Dry. Dusty. Parched. Those words all describe the condition created by a serious lack of rain. And rainfall in South Mississippi is far below normal.
The bad news is there's little relief in sight.
Webster defines drought as "a prolonged period of dryness." South Mississippians can relate. Dusty roads, thirsty lawns and depleted wells all point to a serious lack of rain.
A newly installed sprinkler system wets the plants at Driftwood Nursery and Gulf Coast Landscaping. Like all of South Mississippi, that Woolmarket business is bone dry.
"Drier than I've ever seen it. It's hard to believe how dry it is. You can't even walk without a dust cloud following you," said Drummond.
For the landscape business owner, watering isn't an option. Green plants from South Florida represent a big investment. Keeping them green means keeping them wet.
"Of course, they're grown in nurseries there and they're used to being watered. They're in pots, which are contained environments and they dry out quickly," he said.
"I'm hopeful we'll get the rain. I'm fixing the down spouts," said Roy Vaughan, who followed the comment with a chuckle.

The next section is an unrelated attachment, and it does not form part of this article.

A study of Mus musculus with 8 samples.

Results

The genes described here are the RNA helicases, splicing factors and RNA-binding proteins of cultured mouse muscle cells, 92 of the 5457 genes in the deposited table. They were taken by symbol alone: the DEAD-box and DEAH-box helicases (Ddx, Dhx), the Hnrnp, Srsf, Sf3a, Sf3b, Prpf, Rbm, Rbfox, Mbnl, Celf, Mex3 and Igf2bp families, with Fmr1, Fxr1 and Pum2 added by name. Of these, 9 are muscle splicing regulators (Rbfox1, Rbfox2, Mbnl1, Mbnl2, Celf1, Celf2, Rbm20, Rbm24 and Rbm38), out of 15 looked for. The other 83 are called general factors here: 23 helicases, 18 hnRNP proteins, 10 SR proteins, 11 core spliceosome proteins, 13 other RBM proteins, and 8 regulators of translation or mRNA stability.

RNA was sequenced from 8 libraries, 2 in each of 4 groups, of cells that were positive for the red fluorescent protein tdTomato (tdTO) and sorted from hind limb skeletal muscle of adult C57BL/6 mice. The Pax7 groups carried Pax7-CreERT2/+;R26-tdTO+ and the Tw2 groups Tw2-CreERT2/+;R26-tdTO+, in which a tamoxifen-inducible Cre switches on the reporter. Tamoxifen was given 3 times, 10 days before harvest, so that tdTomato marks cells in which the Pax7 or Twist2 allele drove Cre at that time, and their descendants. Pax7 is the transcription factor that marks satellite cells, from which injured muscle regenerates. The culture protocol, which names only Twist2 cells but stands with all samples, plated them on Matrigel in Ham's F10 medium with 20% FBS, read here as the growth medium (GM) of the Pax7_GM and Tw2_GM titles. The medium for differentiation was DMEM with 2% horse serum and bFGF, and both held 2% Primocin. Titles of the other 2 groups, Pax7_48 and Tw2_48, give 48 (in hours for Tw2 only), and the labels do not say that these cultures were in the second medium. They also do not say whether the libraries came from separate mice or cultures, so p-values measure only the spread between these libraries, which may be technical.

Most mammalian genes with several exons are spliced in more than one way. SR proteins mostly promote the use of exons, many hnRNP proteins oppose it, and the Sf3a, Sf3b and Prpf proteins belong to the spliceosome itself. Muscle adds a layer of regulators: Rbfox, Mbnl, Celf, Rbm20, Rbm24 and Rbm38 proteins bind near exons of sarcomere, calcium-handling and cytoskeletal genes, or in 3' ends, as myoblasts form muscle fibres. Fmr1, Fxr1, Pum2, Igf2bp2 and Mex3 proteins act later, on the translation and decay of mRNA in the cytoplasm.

While he fixes the very dry down spouts and gutters, his "Rain Bird" gives the newly laid sod a good soaking. Overhead clouds look somewhat promising, but don't seem to deliver.
"It's amazing. It seems like every other year we get into this drought situation and don't seem to get any rain here along the coast," said Vaughan.
Lawn sprinklers have had to pick up the slack for Mother Nature. So far this year, the rainfall total is just over two inches. That's more than five times below normal. And April has been especially dry, with only .01 of an inch so far.
Roy Vaughan's down spouts will be ready for the next showers, if they ever arrive.
"Yeah. Maybe we'll get some by the weekend," he mused.
South Mississippi certainly isn't alone in the drought. According to the U.S. Drought Monitor, more than half the country is experiencing conditions from "abnormally dry" to "extreme drought."